Jacob Smith • Feb 12, 2018 at 6:30 PM

The Arthritis Foundation Tennessee will hold a trivia night Saturday from 7-10 p.m. at the Capitol Theatre to raise money for youth who suffer from juvenile arthritis to attend a special summer camp.

The event will raise funds for Camp AcheAway, a weeklong camp for children with juvenile arthritis.

The doors for the event will open at 6 p.m. with Southern Style Photo Booths taking pictures and Sammy B’s providing the catering for the Camp Side Mashed Potato Bar.

Teams of eight will compete in two trivia games at 7 p.m. with 14 rounds and two bonus rounds for each game. Various sponsor packages are available for the event, with a table for eight starting at $250.

Camp AcheAway is scheduled each June at YMCA’s Camp Widjiwagan on Percy Priest Lake. The Arthritis Foundation Tennessee sponsors the camp at no cost to families.

However, it does cost the Arthritis Foundation Tennessee about $750 per child to attend, which does not include the cost for the extra medical staff required for the campers, toiletries, arts and crafts and other extraneous items made available to the campers.

Funding is made possible through donations and fundraisers held by the Arthritis Foundation, but it currently does not have a fundraiser dedicated to Camp AcheAway.

Camp AcheAway gives Tennessee children with arthritis and related childhood rheumatic diseases the chance to make lasting memories. Their programs provide a safe and secure camping experience for children and teens.

Campers gain a greater understanding of their own diagnosis and treatment, develop peer-to-peer support, increase independence and self confidence, discover new skills and interests and develop the skills they need to be leaders, advocates and champions in their everyday lives. Throughout the year, children who suffer from juvenile arthritis have a multitude of doctor visits and deal with having frequent X-rays, MRIs, blood work, steroid injections in their joints, physical therapy, illnesses due to their reduced immune systems and take heavy doses of medication.

Camp is one of the few things associated with their disease to which they can look forward.

Among those who have attended camp in the past is the daughter of Trish Bryant, of Murfreesboro, who said the camp provides a safe place for children with juvenile arthritis to be themselves and have fun.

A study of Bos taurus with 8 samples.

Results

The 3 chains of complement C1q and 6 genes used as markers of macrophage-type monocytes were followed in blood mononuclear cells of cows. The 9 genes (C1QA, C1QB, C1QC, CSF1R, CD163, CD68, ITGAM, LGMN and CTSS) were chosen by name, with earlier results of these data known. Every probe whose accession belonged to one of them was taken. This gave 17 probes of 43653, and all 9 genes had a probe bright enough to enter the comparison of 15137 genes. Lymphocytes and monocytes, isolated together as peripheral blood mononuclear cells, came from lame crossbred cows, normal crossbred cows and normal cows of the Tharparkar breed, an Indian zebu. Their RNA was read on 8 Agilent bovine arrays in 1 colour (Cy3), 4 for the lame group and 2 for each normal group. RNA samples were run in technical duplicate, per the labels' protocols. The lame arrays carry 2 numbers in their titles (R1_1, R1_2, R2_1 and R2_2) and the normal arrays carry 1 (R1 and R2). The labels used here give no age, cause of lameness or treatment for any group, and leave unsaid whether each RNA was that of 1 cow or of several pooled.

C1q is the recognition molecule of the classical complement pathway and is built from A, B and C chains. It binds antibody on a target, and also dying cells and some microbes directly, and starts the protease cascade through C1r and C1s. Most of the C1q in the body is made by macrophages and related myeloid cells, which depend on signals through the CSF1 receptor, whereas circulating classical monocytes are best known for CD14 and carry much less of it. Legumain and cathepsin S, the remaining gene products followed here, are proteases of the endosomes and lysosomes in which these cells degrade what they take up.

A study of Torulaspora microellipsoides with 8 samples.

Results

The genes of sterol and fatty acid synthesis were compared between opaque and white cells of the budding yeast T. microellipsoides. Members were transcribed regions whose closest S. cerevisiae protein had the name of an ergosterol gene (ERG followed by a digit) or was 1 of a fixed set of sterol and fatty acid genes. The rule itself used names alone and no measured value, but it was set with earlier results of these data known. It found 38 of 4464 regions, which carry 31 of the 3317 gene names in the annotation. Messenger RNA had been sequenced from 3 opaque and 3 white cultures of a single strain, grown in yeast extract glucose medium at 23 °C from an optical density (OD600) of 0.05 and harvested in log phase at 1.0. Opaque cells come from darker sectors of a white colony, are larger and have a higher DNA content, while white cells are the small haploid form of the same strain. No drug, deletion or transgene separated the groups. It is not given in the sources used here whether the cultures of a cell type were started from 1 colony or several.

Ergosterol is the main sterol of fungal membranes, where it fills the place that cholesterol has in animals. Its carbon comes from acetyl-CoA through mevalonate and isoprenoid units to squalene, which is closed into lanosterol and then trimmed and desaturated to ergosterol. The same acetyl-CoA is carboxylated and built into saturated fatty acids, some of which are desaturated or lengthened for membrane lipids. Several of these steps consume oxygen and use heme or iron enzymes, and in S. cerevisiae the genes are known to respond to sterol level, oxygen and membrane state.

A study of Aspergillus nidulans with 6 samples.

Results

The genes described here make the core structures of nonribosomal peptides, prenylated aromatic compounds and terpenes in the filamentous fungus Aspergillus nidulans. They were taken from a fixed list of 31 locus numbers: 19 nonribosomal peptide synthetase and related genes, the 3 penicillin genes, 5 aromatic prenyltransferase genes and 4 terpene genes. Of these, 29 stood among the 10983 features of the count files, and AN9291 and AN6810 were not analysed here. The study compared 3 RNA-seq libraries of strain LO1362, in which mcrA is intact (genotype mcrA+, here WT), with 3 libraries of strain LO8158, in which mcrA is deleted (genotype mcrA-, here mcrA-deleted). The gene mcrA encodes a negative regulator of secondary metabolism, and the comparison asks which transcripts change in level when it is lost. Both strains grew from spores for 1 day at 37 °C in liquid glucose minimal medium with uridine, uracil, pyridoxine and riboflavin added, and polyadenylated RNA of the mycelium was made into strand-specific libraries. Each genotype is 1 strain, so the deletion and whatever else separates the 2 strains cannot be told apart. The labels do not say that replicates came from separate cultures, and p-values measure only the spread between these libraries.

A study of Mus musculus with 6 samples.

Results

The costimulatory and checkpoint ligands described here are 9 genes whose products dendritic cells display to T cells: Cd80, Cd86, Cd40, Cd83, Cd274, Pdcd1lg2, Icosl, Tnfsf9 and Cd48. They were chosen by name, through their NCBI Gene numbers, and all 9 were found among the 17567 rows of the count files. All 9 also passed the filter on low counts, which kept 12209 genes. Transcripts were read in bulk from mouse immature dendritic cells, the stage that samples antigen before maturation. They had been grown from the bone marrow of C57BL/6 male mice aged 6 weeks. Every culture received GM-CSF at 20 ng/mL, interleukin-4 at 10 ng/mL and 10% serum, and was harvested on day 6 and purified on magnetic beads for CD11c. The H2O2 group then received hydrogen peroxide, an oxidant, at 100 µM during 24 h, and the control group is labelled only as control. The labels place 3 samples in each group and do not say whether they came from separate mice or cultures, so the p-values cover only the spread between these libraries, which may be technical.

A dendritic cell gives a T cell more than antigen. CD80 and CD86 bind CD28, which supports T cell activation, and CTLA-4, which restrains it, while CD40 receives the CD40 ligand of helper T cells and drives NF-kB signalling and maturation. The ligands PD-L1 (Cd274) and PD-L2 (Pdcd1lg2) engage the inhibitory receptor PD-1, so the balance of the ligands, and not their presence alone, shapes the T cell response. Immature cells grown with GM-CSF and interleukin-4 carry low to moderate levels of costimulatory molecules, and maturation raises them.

“They know they have a disease, but it’s being around others like them that deal with the same struggles and have the same issues, to know they’re not alone,” said Bryant.

Juvenile arthritis is not a disease itself, but an umbrella term used to describe the many autoimmune and inflammatory conditions that can develop in people under age 18.

While the various forms of juvenile arthritis often share many commonalities, such as joint swelling, pain and stiffness. Bryant explained each type has its own concerns and symptoms, putting added significance on early diagnosis.

“And I’m an advocate for that because our daughter went 10 years without diagnosis,” said Bryant. “Because of that, she has more difficulties than most at her age. So, if you catch it early and you start treatment, there’s a better chance for them to slow the progression before the damage occurs.”

Camp activities include kayaking and canoeing, swimming, hiking, horse riding, archery, climbing the rock wall, swinging on the giant swing, sitting around a campfire and eating s’mores and more.

The Arthritis Foundation also provides additional programs during the week that are specifically geared toward educating the campers about their disease and how to fight it.

For more information, or to purchase a table for the event, contact Kim Orr at 254-855-2421, or orrkim@hotmail.com. Tickets may also be purchased at townplanner.com/purchasetickets/583/297737/20180217.